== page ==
Australia still has APAC's highest mobile speeds for Q2 2016, but is still lagging on broadband, down further from Q1.
Written by Jonathan Chadwick, Contributor

Australia registered the highest peak mobile connection speeds in the Asia Pacific region for the second quarter, according to Akamai's Second Quarter, 2016 State of the Internet Report, as it did for the prior three month period.

Based on data gathered from Akamai itself, the report said Australia recorded peak mobile speeds of 171.2Mbps and was one of only five countries globally to achieve peak mobile speeds above 100Mbps, along with Germany, Israel, Thailand, and the UAE.

Globally, Australia sits at 56th for average peak connection speeds (IPv4) at 51.1Mbps, a 16 percent quarter-on-quarter increase and a 24 percent increase year-on-year; while its average connection speeds in Q2 put it 51st globally, down from 48th in Q1 but showing a 6.8 percent year-on-year increase.

For Q2 adoption of broadband speeds above 15Mbps, Australia remained 46th globally with a percentage of 9.7, but registered a 33 percent increase year-on-year.

Australian fixed-line broadband again saw the least growth in the APAC region, with an average speed for the quarter of 8.5Mbps, up 6.8 percent year on year and ranked 51st globally. This was down from last quarter's 8.8Mbps. Australia also had a peak speed of 51.1Mbps, up 24 percent year on year and ranked 56th, the same position as last quarter.

Australia's 171.2Mbps peak mobile speed was followed in the APAC region by 127.7Mbps in Thailand, 105.1Mbps in the Philippines, 97.7Mbps in New Zealand, 93.2Mbps in Japan, 67.6Mbps in South Korea, 61.3Mbps in Singapore, and 50.3Mbps in Hong Kong. On average mobile speeds, Australia's 8.9Mbps came after South Korea's 11.1Mbps, Japan's 9.5Mbps, and New Zealand's 9.7Mbps, but preceded Singapore's 8.1Mbps, Hong Kong's 5.7Mbps, and Thailand's 5.8Mbps.

Ahead of Australia on average speeds were South Korea, up 17 percent year on year to 27Mbps; Hong Kong, up 15 percent to 19.5Mbps; Japan, up 5.1 percent to 17.1Mbps; Singapore, up 27 percent to 17.2Mbps; Taiwan, up 51 percent to 15.6Mbps; Thailand, up 63 percent to 13.7Mbps; and New Zealand, up 26 percent to 10.6Mbps.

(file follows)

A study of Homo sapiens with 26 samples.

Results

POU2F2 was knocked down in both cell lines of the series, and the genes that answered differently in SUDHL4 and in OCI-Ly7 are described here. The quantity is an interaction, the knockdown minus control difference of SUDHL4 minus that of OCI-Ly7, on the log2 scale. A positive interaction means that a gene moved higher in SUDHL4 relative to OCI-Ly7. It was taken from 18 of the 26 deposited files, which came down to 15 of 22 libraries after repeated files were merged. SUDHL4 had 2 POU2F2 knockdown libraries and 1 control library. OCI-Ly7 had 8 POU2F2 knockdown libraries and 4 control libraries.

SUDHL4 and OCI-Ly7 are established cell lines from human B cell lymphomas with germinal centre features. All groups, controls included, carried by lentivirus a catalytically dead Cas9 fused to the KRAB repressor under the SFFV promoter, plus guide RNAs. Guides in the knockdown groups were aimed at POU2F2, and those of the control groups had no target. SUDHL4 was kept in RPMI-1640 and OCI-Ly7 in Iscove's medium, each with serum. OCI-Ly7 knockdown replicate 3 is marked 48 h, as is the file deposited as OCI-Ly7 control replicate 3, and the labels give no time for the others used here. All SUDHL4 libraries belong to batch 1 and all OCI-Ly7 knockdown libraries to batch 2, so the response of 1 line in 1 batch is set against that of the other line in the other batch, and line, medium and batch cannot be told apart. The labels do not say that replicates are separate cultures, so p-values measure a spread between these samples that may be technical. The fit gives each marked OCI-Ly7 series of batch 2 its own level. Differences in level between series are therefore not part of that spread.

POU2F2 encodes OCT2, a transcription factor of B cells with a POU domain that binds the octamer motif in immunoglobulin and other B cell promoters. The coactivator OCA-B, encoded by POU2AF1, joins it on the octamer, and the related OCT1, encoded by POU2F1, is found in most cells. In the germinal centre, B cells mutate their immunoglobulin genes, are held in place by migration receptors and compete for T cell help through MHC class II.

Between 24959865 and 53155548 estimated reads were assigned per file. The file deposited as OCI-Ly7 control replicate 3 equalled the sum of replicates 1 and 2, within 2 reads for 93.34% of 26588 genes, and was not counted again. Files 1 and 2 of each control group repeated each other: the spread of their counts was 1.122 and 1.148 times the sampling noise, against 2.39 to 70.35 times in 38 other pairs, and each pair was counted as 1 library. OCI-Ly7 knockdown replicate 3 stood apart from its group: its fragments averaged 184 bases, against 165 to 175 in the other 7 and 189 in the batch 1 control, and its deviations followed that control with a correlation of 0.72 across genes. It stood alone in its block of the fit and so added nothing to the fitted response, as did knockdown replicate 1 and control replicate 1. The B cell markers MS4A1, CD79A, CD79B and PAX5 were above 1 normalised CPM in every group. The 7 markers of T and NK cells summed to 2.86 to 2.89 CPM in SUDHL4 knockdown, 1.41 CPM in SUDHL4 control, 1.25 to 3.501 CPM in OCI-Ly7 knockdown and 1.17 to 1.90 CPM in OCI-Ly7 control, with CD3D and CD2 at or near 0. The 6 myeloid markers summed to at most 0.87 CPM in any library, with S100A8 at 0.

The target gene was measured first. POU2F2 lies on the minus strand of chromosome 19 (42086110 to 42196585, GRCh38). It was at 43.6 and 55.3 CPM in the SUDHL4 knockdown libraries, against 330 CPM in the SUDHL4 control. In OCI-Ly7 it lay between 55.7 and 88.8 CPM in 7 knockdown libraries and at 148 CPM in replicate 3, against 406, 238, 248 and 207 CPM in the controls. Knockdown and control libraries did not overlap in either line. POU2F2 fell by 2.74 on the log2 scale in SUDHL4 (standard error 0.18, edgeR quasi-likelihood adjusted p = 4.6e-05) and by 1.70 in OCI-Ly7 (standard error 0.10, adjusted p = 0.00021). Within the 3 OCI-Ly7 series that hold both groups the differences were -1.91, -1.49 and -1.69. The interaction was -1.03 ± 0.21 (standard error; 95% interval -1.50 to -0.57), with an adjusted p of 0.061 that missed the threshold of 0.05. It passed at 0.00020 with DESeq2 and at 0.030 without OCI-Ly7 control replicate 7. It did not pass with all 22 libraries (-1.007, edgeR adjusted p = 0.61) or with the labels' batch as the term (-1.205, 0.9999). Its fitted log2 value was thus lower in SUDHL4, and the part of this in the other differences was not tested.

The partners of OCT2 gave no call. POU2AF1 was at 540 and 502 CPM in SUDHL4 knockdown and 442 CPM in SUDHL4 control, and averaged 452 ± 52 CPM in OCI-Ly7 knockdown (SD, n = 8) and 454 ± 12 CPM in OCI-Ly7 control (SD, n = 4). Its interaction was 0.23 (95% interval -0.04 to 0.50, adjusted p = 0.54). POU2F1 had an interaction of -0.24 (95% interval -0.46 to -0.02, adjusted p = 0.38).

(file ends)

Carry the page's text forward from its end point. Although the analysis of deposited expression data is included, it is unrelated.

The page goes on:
On peak fixed-line speeds, Australia lagged behind Singapore, which was up by 44 percent year on year to 157.3Mbps; Hong Kong, up 21 percent to 114.3Mbps; South Korea, up 33 percent to 110.1Mbps; Japan, up 14 percent to 85.3Mbps; Taiwan, up 23 percent to 88.8Mbps; Thailand, up 42 percent to 77.6Mbps; New Zealand, up 32 percent to 53.8Mbps. Indonesia saw a peak speeds of 91.9Mbps, a year-on-year change of 355 percent, but down from last quarter's 110.2Mbps.

Akamai said Australia's high average peak mobile connection speeds are likely due to proxies/gateways in the mobile networks, making those speeds more reflective of the speeds between those boxes and Akamai, rather than the mobile devices and Akamai.

David Belson, editor of Akamai's State of the Internet Report, previously told ZDNet that Australia's mobile speeds can be attributed to both the high uptake of 4G long-term evolution (LTE) networks, and the way in which Akamai records mobile speeds.

"My recollection is that there's strong LTE deployment down there, and I believe that there's even some initial LTE-Advanced deployment among one or more of the carriers. LTE-Advanced has a much higher bandwidth capability, so it's likely that the Australian providers are leveraging the advanced LTE capabilities to provide the higher signal connections."

Within the other global regions, the highest average peak mobile connection speeds for the Americas, Europe, and Middle East/Africa were respectively in Peru at 72.1Mbps; Germany, at 172.8Mbps; and Israel, at 136Mbps.

"The continued increase in average connection speeds is a reassuring trend as online retailers prepare for the busy holiday shopping season," Belson said today. "However, recent internet disruptions caused by everything from government-ordered blackouts to a lone monkey sparking a widespread outage are reminders of the many factors that can affect access to and use of the internet."

Telstra made the top 20 network providers using IPv6 globally in terms of traffic volume with 6.5 percent of requests, Comcast led the pack by volume with 46 percent of traffic using IPv6, followed by fellow US ISPs AT&T at 43 percent, Time Warner with 21 percent, Verizon recorded the highest IPv6 traffic percentage at 74 percent, and Cox at 24 percent.